USGS 11600.11


USNM Number


See also:

USGS 11600.3 (USNM 406680),USGS 11600.5 (USNM 406681), USGS 11600.6 (USNM 406682), USGS 11600.13 (USNM 406683) (not illustrated), USGS 11600.25 (USNM 406684), USGS 11600.27 (USNM 406685), USGS 11600.28 (USNM 406687), USGS 11600.31 (USNM 406688), USGS 11600.33 (USNM 406689), USGS 11600.34 (USNM 406690), and UIDAHO 3/18, 19, 26.2 (Dicot 91)



Latitude: 56.268889° N

Longitude: -158.659722° W

Chignik (B-2) Quad.
Collected by R.A. Spicer and J.A. Wolfe.
Floodpain swamp.  Lower part of Tolstoi Formation.

Locality Map




Leaf: simple; symmetrical; shape ovate; apex obtuse to acuminate; base shallowly lobate to rounded sometimes with a decurrent junction to the petiole; petiole stout and long; margin crenate except at the base where it is entire, the axes of the teeth pointing towards the apex, sinuses rounded, spacing irregular; venation basal perfect acrodromous, primary midvein moderate more or less straight; pectinals moderate, inwardly curving towards the apex but somewhat angular at the junction of the pectinal abmedials; pectinal abmedials arising at an acute (wide to moderate) angle, curved, brochidodromous, joining the superadjacent abmedial approximately at right angles, the basal abmedials arising so close to the junction of the midvein and pectinals that the base of the leaf has a campylodromous appearance; tertiary veins between the primary, secondary, and pectinal veins are convex, percurrent and occasionally branched once or twice; third order veins looping abmedially from the pectinal abmedials to form festooned loops of at least two ranks with a tendency towards the formation of an intramarginal vein near the base; fourth order veins running percurrently between the secondary and tertiary veins and either straight or forked.



A variable feature is the shape of the base at the junction of the petiole which is best demonstrated by comparing specimens USGS 11600.27 and USGS 11600.34.  There can be little doubt, however, that these specimens represent the same species.  They possess the same crenate to crenulate margin and fundamentally the same venation.  There are small differences between specimens but these are all within the range of variation that might be expected within such ancient leaf forms.  The similar extant genus Cercidiphyllum Siebold and Zuccarini also exhibits a large degree of variation in leaf form and architecture.  Specimen UIDAHO 3/18, 19, 26.2 (Dicot 91) is included in this form because in all respects, except the strength of the tertiaries bridging the pectinals and midvein, it is within the range of variation seen in the specimens from the Tolstoi Formation.
Bell (1949; Plate 46, Fig. 3) illustrates a specimen under the name Trochodendroides arctica (Heer) Bell which is identical to specimen USGS 11600.27 as far as the architecture of the basal portion of the lamina is concerned but, although the apex of Bell's specimen is missing, there is evidence in his illustration of a strong secondary vein leaving the midvein to join the pectinal.  The pectinal vein is very weak in the upper quarter of the lamina and it is doubtful if it continues to the apex as it does in the specimens figured here.  None of the Tolstoi specimens show any indication of strong brochidodromous curving superior secondaries joining the midvein and pectinals, and in this respect they differ from all the leaves assigned to Trochodendroides Berry by Bell (1949) or Wolfe (1977), as well as extant species of Trochodendron Siebold and Zuccarini and Cercidiphyllum. Perfect acrodromy is, however, seen in Bell's (1949; Plate 52, Fig. 4) Zizyphoides colombi (Heer) Seward and Conway which Bell points out may be confused with small leaves of Trochodendroides arctica Z. colombi differs from the Tolstoi specimens in being much smaller and apparently entire.  The confusion as to the limits of variation in leaf architecture that can be applied to define these genera is reflected in a paper by Berry (1935).  In his report on the Middle Ravenscrag flora Berry describes a leaf almost identical to those illustrated here under the name Grewiopsis mclearni Berry (1935; Plate 12, Fig. 3; Plate 14A) which he states resembles forms that had previously been erroneously ascribed to the genus Populus (Tournefort) Linnaeus.  His assignment to Grewiopsis Saporta, however, was uncertain as he felt it " *** may be more properly referable to Trochodendroides *** ".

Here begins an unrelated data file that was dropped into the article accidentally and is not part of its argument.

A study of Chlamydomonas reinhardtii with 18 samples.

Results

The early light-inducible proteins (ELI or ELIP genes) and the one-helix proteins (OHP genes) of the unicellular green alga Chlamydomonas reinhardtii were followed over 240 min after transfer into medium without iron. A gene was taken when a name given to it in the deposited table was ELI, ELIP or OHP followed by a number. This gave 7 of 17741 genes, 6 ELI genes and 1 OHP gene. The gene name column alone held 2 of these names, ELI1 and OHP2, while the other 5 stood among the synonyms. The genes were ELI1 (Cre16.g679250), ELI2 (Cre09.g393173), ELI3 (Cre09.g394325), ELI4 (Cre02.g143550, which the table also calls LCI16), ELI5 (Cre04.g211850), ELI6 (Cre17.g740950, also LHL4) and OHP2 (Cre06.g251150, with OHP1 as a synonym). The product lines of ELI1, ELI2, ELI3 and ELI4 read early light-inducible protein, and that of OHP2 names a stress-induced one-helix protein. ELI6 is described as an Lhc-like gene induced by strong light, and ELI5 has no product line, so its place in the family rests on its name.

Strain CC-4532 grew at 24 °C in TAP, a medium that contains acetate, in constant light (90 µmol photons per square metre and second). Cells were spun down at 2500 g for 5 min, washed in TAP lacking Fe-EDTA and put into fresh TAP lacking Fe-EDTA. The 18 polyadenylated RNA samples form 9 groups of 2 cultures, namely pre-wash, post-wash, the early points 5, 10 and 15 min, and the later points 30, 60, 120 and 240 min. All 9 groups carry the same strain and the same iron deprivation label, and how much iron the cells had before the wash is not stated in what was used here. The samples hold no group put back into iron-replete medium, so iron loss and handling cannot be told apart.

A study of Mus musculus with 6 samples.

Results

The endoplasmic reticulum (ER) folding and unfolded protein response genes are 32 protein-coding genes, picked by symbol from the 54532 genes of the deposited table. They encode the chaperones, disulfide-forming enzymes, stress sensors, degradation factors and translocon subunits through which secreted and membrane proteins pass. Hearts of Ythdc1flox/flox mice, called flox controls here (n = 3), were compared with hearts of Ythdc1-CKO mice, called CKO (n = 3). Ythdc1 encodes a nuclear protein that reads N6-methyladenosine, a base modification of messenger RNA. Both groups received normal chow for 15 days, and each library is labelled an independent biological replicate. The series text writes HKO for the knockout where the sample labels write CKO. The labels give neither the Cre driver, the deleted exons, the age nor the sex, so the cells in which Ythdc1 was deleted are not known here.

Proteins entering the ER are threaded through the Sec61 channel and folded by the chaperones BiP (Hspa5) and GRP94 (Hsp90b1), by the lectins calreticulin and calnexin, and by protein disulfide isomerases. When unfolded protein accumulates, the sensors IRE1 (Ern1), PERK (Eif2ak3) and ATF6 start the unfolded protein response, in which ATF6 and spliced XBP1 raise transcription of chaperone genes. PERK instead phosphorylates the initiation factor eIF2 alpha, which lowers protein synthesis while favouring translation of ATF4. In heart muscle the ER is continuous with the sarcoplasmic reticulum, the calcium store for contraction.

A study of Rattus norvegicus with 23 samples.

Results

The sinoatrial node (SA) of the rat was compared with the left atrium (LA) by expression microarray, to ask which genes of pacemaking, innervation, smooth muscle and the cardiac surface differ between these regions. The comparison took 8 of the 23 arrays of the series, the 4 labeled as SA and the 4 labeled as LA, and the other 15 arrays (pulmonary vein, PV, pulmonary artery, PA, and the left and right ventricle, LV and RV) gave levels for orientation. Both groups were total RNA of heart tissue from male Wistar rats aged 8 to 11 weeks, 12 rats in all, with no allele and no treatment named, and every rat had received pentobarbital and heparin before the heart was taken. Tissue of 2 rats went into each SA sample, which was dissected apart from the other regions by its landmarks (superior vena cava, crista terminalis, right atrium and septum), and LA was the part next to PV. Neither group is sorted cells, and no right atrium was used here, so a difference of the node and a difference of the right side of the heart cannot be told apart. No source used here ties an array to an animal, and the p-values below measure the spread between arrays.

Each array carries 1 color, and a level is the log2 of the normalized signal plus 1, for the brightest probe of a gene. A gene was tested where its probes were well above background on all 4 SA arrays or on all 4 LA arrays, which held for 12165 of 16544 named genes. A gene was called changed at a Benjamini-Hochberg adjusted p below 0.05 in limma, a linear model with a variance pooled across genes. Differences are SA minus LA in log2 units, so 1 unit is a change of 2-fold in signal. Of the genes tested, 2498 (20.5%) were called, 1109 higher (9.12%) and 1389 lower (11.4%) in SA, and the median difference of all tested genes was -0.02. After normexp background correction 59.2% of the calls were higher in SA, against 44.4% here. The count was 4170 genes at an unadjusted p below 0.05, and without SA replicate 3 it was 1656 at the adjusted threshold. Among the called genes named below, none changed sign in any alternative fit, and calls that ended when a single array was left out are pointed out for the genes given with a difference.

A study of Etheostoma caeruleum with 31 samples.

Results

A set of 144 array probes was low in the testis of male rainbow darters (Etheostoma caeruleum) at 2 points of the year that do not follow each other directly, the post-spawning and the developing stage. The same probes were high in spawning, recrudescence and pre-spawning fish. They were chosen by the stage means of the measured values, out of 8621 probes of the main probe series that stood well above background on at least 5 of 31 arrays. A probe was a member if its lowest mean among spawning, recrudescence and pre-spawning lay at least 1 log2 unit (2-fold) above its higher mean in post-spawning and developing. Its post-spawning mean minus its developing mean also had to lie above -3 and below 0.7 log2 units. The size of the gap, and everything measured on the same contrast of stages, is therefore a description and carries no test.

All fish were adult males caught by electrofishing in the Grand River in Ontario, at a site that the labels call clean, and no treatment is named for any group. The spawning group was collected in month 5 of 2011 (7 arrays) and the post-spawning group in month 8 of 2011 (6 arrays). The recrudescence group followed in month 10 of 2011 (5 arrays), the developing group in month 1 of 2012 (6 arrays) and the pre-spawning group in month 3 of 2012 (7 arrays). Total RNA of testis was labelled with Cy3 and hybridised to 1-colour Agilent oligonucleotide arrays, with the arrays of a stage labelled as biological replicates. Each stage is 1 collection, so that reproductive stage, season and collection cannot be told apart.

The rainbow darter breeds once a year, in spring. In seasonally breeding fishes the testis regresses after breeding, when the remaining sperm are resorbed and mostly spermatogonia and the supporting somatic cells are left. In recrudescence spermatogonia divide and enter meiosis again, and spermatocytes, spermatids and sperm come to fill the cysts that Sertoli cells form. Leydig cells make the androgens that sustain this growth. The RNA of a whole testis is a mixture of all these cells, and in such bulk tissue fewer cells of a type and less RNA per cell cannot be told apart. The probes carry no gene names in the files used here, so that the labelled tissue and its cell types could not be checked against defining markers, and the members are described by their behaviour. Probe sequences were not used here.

In Hollick's (1936) work on Tertiary plants from Alaska he assigns forms similar to those described here, to 'Populus' zaddachi Heer.  Two of his specimens are almost identical to the Tolstoi forms (Hollick, 1936; Plate 24, Fig. 5) but details of the margins are unclear.  Brown (1962) considered all his Paleocene leaves of this type belonged to 'Cercidiphyllum' arcticum (Heer) Brown, a species which includes an extremely wide range of form.  All his figured specimens can be distinguished from the Tolstoi material in not having the pectinals extending into the apex with the exception of the very small leaves (2.5 cm wide) shown in Brown's figures (1962; Plate 37, Fig. 8; Plate 38, Fig. 2).

Bell reports number of forms of this general type from the Bad Heart Formation of British Columbia (Santonian) and Milk River Formation of Alberta (Early Campanian) under the name Trochodendroides (Cercidiphyllum?) arctica (Bell, 1963; Plate 19, Figs. 1, 3-5 not Fig. 2 and not Plate 18, Fig. 3).

Another extremely similar form well within the limits of variation exhibited here is Trochodendroides sachalinensis (Takhtajan, 1974, p. 117; Plate 47, Figs. 3-8; Plate 48, Fig. 3) from the Coniacian of the FSU.

The wide variety in form and the different criteria various workers have employed to define species limits have led to a very confusing situation with respect to the systematics of leaves of this general type.  A revision is needed which is outside the scope of this work.